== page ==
Barracuda Landing Gear

Landing gear for the Barracuda Streamliner

By Warren Beauchamp

1999 - Folding Landing Gear          2001 - Telescoping Landing Gear

When I originally put the full fairing on the Barracuda, I thought that I would be able to start and stop by just putting my hand down. This proved to be a little harder than I had anticipated, and at the Northbrook and Kenosha races I ended up doing some spectacular race finishes sliding on my side when I bounced off of my hand onto my other side. At this point in time I decided that it was time to make the landing gear. I had seen many types of landing gear. Some used two wheels, some used one, most didn't work very well, some of them failed at inopportune moments. The one I had seen that worked well was on John Simon's Moby. It was a single wheel approach, where the bike was leaned over to one side slightly when at rest. 

I raced the 'Cuda using a folding landing gear system to start and stop between 1999 and 2001. It worked well, but as it folded up and down, it required a large gash in the fairing to raise and lower, and did not completely retract into the fairing. After breaking the brake cable I had used to raise and lower the landing gear a couple times, Don Barry took pity on me and gave me some aircraft cable. It fit in the brake housing fine, and I had no more cable breakage problems.

When I modified the 'Cuda to use a 700C rear wheel, I rethought the landing gear, and decided to use a telescoping design instead of the folding design I had used previously. 

10/3/1999 - Folding landing gear
I decided that the best way to raise and lower it was with a modified
derailleur lever and cable. The picture below shows what Bill Murphy and I came up with. It's not exactly what I had originally envisioned, but is much simpler, and very robust.






11/13/01 - Telescoping design

The telescoping design uses concentric square for the landing leg and it's sliders. The leg itself is 7/8" x .049 wall square tubing, and the sliders are 1" x .058" square wall tubing. The wheel is a cheapo inline skate wheel.

12/05/01 - Telescoping Construction
After I had finished the 'Cuda 700C conversion, it was time to add the new telescoping landing gear. I spent a lot of time figuring out how to make the landing gear removable, as the bike is only in the streamliner body for a small percentage of the time I use it, and I don't want to haul around the extra weight. I finally decided to have the two 1" sliders braised to the frame, and just have the  5/8" telescoping tube be removable. To accomplish this I have to make a couple minor deviations from the drawing above, in terms of where where the spring and landing gear cable attach.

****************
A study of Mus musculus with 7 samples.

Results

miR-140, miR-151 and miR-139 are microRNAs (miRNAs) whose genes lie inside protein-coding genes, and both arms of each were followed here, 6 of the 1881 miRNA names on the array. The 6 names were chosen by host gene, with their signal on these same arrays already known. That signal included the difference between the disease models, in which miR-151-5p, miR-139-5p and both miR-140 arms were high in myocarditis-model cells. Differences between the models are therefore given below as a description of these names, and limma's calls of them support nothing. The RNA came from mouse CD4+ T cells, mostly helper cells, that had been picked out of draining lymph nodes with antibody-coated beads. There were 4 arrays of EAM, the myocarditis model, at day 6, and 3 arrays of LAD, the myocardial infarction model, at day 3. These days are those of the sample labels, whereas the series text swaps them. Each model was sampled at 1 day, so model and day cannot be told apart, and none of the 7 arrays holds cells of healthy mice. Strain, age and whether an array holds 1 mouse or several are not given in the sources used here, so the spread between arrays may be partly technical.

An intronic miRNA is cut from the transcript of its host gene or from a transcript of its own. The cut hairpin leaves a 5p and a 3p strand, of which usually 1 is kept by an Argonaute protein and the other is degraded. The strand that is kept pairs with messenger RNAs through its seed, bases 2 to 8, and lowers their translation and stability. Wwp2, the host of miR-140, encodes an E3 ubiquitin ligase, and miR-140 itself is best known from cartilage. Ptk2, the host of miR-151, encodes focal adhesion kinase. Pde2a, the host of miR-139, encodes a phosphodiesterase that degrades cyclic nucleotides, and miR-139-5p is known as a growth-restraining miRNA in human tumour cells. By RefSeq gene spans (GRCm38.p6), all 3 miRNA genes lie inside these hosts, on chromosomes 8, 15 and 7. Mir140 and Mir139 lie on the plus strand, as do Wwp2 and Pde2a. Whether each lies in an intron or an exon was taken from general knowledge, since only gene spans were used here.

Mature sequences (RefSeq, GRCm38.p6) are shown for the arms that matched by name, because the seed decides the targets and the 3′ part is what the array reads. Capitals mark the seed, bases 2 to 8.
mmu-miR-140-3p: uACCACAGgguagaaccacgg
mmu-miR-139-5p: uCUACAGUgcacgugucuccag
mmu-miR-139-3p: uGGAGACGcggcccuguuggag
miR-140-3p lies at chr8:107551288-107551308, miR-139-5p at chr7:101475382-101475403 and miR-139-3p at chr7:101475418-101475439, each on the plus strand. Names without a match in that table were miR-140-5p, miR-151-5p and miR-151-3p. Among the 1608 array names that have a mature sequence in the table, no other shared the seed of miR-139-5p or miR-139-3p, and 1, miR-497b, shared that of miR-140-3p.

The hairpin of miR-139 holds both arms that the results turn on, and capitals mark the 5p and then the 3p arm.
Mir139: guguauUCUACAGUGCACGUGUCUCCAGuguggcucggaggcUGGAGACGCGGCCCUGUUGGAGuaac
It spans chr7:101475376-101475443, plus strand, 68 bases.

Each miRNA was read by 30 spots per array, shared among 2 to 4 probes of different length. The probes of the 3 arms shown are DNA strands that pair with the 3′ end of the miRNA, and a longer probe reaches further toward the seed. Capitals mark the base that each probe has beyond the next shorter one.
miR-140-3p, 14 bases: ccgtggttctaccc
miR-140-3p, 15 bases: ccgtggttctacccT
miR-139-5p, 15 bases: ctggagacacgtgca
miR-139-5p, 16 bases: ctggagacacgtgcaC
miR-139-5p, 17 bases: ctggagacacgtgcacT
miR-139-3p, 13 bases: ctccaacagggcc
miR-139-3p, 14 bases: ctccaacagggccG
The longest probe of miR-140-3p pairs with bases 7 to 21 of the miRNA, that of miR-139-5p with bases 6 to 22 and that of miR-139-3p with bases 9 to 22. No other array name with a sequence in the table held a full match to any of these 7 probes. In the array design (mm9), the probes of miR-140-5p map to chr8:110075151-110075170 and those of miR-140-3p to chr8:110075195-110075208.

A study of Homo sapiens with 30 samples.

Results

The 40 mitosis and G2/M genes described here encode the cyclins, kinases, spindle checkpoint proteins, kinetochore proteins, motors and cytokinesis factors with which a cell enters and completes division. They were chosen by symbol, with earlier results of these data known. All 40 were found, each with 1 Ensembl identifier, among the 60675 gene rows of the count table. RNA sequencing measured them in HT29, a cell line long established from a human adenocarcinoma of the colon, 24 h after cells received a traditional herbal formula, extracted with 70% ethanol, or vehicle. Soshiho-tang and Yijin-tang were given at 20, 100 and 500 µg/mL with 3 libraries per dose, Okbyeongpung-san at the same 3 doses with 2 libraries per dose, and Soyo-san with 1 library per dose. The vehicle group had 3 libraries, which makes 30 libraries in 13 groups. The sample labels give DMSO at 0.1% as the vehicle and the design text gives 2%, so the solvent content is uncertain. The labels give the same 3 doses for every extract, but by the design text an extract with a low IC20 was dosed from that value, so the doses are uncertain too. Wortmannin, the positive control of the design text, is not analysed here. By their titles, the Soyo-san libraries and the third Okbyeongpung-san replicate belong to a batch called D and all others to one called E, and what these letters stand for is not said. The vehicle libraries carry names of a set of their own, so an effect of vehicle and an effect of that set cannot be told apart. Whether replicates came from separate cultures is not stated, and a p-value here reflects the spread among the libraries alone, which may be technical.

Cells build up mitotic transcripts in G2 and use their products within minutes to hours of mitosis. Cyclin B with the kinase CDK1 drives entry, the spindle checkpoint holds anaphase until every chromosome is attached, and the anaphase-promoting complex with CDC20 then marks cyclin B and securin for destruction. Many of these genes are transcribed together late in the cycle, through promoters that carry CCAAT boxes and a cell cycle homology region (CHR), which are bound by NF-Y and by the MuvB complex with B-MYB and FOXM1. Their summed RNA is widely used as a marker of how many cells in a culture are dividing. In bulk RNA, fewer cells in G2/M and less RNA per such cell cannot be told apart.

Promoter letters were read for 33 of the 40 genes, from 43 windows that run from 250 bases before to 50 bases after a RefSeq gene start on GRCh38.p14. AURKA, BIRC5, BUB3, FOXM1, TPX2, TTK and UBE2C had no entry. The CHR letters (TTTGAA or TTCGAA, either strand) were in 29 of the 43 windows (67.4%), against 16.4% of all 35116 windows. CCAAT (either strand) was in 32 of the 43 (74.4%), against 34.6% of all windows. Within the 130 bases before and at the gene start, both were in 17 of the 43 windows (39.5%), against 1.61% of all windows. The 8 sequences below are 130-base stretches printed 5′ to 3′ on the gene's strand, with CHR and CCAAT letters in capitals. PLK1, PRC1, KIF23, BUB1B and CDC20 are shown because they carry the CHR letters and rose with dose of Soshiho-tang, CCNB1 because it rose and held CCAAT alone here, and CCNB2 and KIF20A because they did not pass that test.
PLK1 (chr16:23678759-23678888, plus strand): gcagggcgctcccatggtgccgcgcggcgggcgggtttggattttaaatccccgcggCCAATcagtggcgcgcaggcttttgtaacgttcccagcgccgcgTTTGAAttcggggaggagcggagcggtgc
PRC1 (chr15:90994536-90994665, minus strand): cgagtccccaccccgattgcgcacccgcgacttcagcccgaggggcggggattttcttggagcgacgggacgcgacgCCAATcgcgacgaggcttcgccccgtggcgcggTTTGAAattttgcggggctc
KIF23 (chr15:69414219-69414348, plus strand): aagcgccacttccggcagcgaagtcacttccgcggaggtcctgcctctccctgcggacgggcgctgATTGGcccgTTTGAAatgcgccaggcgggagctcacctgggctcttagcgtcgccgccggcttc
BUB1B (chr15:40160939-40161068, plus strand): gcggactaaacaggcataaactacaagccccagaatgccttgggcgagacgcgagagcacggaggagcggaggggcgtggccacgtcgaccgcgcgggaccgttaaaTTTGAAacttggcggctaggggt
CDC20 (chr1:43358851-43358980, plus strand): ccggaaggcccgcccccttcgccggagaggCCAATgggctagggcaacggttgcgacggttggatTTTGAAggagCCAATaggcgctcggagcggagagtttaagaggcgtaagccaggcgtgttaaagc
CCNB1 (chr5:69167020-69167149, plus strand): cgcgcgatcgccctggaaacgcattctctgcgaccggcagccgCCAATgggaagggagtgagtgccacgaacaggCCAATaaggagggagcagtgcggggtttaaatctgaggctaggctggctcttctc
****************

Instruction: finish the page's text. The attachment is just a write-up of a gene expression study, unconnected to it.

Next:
In this picture you can see the 5/8" telescoping tube, which will soon have a wheel braised to it's lower end, and the lower of the two 1" sliders. 

12/19/01
Completed landing gear in the "up" position. A spring positioned under the landing gear slider pulls it up. Springs like this one, which is similar to the springs used on a screen door, are available from your local hardware store.
Landing gear in the "down" position. A 1/16" aircraft cable is used in a standard brake cable housing to pull the landing gear down and hold it in place. 

Also in the picture, the very cool Garrie Hill carbon fiber wheel cover. 

1/09/02
In this photo, the landing gear in the "up" position, from the other side of the bike. Shown here is the actuation cable, mounting sliders, and spring. 

You can click on this picture for a higher resolution image.

 

I have decided to simplify matters by using a ring to lower the landing gear. To lower the gear I will just grab the ring and pull it. It will be fastened in place by putting the ring on a hook. To raise the landing gear, the ring is just popped off the hook. As the gear is spring loaded, it will pop up and retract the ring/cable. The location of the hook will be adjustable to account for sloped velodromes, crowned roads, etc. 

This picture shows the ring on the end of the cable. Landing gear is in the "up" position.

This picture shows the ring after it has been pulled and placed on the hook. The landing gear is now in the "down" position.